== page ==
BACKGROUND: Patients with lung cancer often experience reduced functional capacity and quality of life after surgery. The current study investigated the impact of a short-term, home-based, multimodal prehabilitation program on perioperative functional capacity in patients undergoing video-assisted thoracoscopic surgery (VATS) lobectomy for nonsmall cell lung cancer (NSCLC).
METHODS: A randomized controlled trial was conducted with 73 patients. Patients in the prehabilitation group (n = 37) received a 2-week multimodal intervention program before surgery, including aerobic and resistance exercises, respiratory training, nutrition counseling with whey protein supplementation, and psychological guidance. Patients in the control group (n = 36) received the usual clinical care. The assessors were blinded to the patient allocation. The primary outcome was perioperative functional capacity measured as the 6-minute walk distance (6MWD), which was assessed at 1 day before and 30 days after surgery. A linear mixed-effects model was built to analyze the perioperative 6MWD. Other outcomes included lung function, disability and psychometric evaluations, length of stay (LOS), short-term recovery quality, postoperative complications, and mortality.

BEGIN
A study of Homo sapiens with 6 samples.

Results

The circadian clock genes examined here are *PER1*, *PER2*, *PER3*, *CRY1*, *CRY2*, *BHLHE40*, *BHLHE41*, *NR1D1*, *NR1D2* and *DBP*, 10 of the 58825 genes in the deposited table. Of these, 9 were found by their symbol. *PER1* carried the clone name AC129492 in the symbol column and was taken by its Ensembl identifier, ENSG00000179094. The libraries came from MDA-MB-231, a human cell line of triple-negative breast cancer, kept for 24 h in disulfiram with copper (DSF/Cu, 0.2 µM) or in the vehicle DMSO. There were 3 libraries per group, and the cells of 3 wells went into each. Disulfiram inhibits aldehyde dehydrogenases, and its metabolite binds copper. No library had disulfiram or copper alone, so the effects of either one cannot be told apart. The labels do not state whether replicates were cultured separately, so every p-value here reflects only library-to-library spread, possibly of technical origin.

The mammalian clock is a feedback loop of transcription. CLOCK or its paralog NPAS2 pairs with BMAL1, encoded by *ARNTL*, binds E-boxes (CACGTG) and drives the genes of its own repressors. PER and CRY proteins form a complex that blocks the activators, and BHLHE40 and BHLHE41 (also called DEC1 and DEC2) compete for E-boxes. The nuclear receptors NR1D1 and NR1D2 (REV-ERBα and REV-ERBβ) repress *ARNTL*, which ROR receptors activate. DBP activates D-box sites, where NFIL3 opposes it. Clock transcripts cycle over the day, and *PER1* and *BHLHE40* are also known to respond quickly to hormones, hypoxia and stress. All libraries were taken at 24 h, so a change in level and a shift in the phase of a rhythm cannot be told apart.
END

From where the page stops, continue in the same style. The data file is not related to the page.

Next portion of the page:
RESULTS: The median duration of prehabilitation was 15 days. The average 6MWD was 60.9 m higher perioperatively in the prehabilitation group compared to the control group (95% confidence interval [CI], 32.4–89.5; P < .001). There were no differences in lung function, disability and psychological assessment, LOS, short-term recovery quality, postoperative complications, and mortality, except for forced vital capacity (FVC; 0.35 L higher in the prehabilitation group, 95% CI, 0.05–0.66; P = .021).
CONCLUSIONS: A 2-week, home-based, multimodal prehabilitation program could produce clinically relevant improvements in perioperative functional capacity in patients undergoing VATS lobectomy for lung cancer.